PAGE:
Learning: How To Move Forward

With the slew of college, boarding school and public/day schools closing indefinitely, I’m sure you have a lot of questions about how to help your children thrive throughout this time of uncertainty and school closings. As a professional with a doctorate, and having led colleges, taught in boarding schools and homeschooled my own four children, […]


Here are some tips for balancing your remote work life with your children’s schooling at home.

The one response I received when I first chose to homeschool my four children ten years ago was, “I could never do that!” Who would have thought that we would all find ourselves in this current situation? Now many of us don’t have a choice. We have been forced to educate our children at home. Many will use technology to do so. As a Certified Educational Planner (CEP), I’m here to offer you tips to create a smooth and sane transition.


The most vital step you can take is to create a schedule. This will provide comfort and calm to your children of all ages during this time of shift and unknowing. 

Enlist their input. Each child will have their own column in the master schedule. Your older children will need to step up. Have a leadership meeting with them. Let them know that you are counting on them in a new way, a self-less way. Then you create an air-tight schedule. For samples, please contact us. 

Next, especially for young learners, you MUST be fully present to them for swaths of the day. This is critical. You will be tempted by phone and TV news drama to be pulled away but remember, teachers in school don’t take phone calls or text during class. We must follow their professional lead. THIS IS OUR CHILDREN’S EDUCATION WE ARE TALKING ABOUT. IT’S WORTH IT.


NOW THAT YOU HAVE A SCHEDULE, POST IT AND STICK TO IT. The best boarding schools in the country take phones from students during study hall. At times, you must implement a “no phones” zone at home. That will create a reprieve and help you re-establish your authority as primary educator at home. THIS IS CRITICAL. The kids may push back against this but you need to claim educational leadership during this vacuum. Set alarms to keep you moving through the curriculum schedule. For younger students, keep the intervals between 10 and 20 minutes. Then take a break 90 minutes in, to do some movement. 15 minutes is plenty. Don’t skip this. It is critical. (I used to fret that if I let them play, I would lose the momentum. The opposite is true. They become invigorated.) But don’t let it drag on into lunch while you take a two-hour break. If you can move your work to the middle or end of the day and be fully present to your children, this you will never regret. Stay on it.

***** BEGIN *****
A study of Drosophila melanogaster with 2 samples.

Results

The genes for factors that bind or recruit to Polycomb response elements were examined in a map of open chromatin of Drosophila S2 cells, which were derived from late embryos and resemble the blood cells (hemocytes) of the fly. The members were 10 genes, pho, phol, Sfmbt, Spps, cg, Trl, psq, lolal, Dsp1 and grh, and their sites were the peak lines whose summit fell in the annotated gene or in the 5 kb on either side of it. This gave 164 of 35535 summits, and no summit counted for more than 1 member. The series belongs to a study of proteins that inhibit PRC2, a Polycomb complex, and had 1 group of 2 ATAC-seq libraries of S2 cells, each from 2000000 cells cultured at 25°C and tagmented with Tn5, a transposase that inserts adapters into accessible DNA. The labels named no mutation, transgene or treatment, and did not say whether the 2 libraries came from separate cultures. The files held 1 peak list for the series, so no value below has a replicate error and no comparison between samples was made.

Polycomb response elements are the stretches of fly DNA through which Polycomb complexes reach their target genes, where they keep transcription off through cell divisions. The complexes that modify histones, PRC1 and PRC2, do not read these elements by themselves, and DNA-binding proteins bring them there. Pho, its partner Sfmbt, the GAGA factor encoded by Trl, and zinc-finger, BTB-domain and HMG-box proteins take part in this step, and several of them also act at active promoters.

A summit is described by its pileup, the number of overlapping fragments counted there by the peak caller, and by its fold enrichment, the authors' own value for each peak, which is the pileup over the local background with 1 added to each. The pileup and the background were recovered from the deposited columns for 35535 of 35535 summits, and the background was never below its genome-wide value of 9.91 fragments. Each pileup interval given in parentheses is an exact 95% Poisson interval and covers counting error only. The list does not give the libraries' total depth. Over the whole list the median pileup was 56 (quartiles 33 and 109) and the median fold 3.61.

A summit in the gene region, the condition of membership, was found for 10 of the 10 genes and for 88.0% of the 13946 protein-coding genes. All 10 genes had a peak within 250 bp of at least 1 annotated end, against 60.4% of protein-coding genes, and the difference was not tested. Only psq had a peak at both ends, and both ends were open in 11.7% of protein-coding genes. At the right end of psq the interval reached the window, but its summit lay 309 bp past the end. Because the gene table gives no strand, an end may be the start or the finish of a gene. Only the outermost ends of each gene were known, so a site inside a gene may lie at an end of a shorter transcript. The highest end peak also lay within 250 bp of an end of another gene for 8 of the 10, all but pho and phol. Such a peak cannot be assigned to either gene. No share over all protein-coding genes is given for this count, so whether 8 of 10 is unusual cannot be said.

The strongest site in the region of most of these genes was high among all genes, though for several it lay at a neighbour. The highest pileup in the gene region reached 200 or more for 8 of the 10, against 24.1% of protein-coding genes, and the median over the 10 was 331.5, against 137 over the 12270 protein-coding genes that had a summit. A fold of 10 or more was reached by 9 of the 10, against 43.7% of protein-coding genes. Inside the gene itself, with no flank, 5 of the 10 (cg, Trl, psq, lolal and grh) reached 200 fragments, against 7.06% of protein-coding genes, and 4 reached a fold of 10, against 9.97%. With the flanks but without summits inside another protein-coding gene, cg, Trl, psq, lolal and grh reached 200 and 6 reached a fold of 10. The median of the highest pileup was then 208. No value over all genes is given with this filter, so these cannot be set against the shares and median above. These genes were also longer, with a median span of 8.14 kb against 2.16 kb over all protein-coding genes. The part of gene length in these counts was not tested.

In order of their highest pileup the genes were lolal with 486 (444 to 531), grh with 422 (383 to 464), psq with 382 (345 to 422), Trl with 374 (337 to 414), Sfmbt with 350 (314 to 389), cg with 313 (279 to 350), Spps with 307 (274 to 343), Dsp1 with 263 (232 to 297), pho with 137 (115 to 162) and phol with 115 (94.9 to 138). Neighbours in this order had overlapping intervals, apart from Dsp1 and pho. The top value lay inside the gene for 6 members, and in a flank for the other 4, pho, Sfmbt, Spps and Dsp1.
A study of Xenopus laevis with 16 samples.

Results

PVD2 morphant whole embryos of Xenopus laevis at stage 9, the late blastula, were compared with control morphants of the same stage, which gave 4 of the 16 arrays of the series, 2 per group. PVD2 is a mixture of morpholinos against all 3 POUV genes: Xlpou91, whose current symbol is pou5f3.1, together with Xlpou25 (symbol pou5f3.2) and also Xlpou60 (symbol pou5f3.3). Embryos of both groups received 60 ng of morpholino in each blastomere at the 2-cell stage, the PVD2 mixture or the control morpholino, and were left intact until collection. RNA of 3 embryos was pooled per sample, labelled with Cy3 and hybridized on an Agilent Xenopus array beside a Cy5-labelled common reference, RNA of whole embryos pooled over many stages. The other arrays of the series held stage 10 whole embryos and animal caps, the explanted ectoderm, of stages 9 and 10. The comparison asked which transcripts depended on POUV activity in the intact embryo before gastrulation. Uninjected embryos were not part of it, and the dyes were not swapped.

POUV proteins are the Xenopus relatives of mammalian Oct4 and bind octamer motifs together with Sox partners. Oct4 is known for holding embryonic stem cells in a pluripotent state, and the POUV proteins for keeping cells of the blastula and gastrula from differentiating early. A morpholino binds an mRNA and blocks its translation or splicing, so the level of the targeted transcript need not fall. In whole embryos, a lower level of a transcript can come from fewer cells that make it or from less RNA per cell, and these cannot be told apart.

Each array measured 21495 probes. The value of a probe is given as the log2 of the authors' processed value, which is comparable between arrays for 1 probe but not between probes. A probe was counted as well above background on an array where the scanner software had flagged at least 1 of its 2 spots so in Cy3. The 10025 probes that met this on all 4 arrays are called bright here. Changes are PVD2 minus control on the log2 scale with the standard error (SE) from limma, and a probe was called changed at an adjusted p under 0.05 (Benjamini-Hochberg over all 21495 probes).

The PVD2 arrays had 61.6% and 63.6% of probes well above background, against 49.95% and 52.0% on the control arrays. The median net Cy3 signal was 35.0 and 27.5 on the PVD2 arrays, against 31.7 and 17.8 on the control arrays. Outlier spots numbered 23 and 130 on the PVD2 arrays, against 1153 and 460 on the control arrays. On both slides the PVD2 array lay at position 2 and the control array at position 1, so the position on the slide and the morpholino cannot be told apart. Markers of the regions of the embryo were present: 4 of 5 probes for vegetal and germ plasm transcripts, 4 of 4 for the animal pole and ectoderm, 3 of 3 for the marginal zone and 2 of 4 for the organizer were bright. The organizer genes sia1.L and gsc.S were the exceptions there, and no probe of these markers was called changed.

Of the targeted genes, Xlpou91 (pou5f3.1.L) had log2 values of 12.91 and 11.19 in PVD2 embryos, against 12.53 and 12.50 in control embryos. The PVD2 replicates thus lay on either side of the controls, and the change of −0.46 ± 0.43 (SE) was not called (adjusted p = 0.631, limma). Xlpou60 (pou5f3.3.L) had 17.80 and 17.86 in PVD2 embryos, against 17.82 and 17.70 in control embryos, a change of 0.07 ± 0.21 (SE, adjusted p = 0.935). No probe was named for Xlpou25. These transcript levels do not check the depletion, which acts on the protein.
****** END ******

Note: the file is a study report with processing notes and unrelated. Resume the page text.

News flash: You are now the cafeteria lady and the custodian of your own school. With no pay. Let’s think about that for a split second. Ok, now let’s mourn the loss of our free time and get moving. Eating together will get everyone on the same page in the house. Preparing lunch can be an activity done together. Have each child take a meal or day. Eat what you have in your cabinets. Cereal can be a meal. Tuna fish on crackers can be a meal. Obviously choose fresh and healthy whenever possible. Yet, let’s not be picky in times like these. Let’s be grateful to have toilet paper. We may not have time for elaborate food prep as we transition to schooling at home.


How did we do today? What can we do better tomorrow? Tensions may be running high. So, come together with a sense of mutual humility knowing that Rome was not built in a day. Remember, DON’T EXPECT WHAT YOU DO NOT INSPECT. It will be a challenge if your student is doing everything online. But they should keep a planner, or create a sheet of paper each day: subject, assignment, time it will take me: start time, finish time. Complete? Have a daily check in with each child and help them learn how they estimated their time and whether it was accurate. This is a brilliant way to improve executive functioning for that child or teen who is “time blind.”



This will be a learning curve.  If you or your child needs additional support, we are here to help. If online learning poses a challenge for your individual learner’s needs, contact us. We have excellent tutors at the ready to assist. We want to make sure your children are set up for success. 

Lastly, my oldest was admitted to his first-choice boarding school on Tuesday morning. Moments later, we were alerted that this and most other schools and colleges were closing their doors for the spring. The message? We cannot rest on our laurels. We must transition efficiently and effectively to preserve our children’s learning and growth. We have to show leadership, support, alacrity and grace. Onward.